Stepping back into the 60s
Bower Architecture designed this bold extension to a 1960s house located in Caulfield, Melbourne. The project brief was for a sustainable and private house containing a variety of living spaces with connections to the outdoors. The new dwelling, referred to as Stepping House, consists of two new rear wings and a courtyard pool added to an original orange brick house.
Bower Architect’s design concept divides the old and the new into three parts (the steps), of increasing size in a U arrangement around a central outdoor space. The house integrates well with the landscape and flows beautifully as its transitions in both volume and scale from the street. The absence of a front fence allows the house to engage with the street and the low entry tunnel and dark entry foyer dramatically frames the view towards the landscape and pool beyond.
Jade Vidal of Bower Architecture talks of the importance of concealing the new areas in an attempt to retain the modest 60s frontage. The additions are not intrusive with the introduction of only a new front door and dark vertical timber cladding to the old carport. “You only get a glimpse of what is beyond that elegant, simple, single-storey frontage. Yet, when you walk in, you find a 500-square-metre house that is full of surprise”.
The architect has also explained that “we wanted to show that in making big spaces, it was really important to have gestures that broke up those spaces.” They have used pergolas and louvred frames to great effect.
Various connections are made from the living areas to the external spaces throughout. The central living area connects to the northern and southern outdoor areas, creating natural cross ventilation. Fragmentation of the rear two storey bedroom block is accomplished with cantilevered forms and a floating steel frame.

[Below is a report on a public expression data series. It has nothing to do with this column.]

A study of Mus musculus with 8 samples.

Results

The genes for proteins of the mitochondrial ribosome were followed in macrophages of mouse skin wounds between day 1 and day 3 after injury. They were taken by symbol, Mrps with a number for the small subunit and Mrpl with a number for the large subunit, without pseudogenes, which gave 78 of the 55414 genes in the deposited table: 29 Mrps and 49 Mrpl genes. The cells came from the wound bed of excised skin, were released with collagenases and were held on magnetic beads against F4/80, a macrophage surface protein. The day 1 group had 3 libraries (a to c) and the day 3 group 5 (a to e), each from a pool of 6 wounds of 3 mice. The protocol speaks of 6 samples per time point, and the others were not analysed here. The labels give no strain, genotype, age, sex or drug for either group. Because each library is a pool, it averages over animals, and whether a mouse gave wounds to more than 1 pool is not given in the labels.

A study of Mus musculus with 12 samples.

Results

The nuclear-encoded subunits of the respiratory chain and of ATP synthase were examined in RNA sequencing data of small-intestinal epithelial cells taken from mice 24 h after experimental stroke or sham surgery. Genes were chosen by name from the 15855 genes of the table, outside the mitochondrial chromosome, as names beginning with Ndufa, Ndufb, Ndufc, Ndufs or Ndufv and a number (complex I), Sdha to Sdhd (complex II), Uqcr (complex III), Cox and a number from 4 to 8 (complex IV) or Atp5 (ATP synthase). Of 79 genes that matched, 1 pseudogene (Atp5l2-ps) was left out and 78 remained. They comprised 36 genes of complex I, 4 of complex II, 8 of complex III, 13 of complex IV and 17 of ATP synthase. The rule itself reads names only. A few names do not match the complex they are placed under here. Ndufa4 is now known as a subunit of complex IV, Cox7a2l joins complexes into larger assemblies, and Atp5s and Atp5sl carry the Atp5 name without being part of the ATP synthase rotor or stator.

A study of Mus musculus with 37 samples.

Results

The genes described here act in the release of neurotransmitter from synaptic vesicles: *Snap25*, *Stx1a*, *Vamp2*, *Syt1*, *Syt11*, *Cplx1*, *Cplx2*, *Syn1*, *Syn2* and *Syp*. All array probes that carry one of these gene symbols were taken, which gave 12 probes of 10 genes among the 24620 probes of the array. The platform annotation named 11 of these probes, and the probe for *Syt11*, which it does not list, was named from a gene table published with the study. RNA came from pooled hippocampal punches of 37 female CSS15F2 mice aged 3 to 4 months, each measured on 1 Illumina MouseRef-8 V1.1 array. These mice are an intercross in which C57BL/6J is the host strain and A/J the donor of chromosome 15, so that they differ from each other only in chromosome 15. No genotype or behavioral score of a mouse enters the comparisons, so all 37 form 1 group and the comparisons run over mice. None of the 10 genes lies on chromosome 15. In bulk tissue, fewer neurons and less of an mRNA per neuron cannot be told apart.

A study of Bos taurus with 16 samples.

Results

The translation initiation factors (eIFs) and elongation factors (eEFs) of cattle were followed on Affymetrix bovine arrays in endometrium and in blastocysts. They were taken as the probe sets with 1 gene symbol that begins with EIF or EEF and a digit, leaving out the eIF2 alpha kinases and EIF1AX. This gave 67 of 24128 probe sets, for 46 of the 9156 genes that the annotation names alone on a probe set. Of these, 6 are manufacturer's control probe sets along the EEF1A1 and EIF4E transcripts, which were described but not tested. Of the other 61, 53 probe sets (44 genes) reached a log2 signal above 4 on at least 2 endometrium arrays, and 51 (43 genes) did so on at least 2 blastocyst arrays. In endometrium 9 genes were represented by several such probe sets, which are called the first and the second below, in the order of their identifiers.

They have also chosen to experiment with textures, an example of this is where they have played with whites across various textured surfaces including abundant bagged brickwork.
The language of framing, screening and textured surfaces is continued through the joinery and interiors where richer materials are placed alongside a restrained palette, re-interpreting the 1960’s language of the original house. Australian bluestone and blackbutt timber surfaces add warmth to the powder room and kitchen.
Cost reducing passive sustainability systems were integral to the design and were facilitated by the U shaped plan with a northerly living aspect and sun shading along its entire length.
A strong horizontality in the new single-level and a multi-spatial living wing that adjoins the new double level rear wing with the four bedrooms, hints at Modernism. However the designers are quick to point out that it “doesn’t replicate it. We hope the house is of its time”.
By the way, don’t be concerned if you are overwhelmed by a positive nostalgic feeling when you drive past these orange brick sixties houses. Quietly we are starting to love them.
CreditsProject Architect: Bower Architecture
Engineer: Meyer Consulting
Building Surveyor: Nepean Building Permits
Soft Landscape Design: Candeo Design
Builder: Cosgrave Constructions
Photographer: Shannon McGrath
Sources: Bower Architecture's website, 'Amazing Designs: Stepping House', Domain, Sydney Morning Herald, 24/10/2015.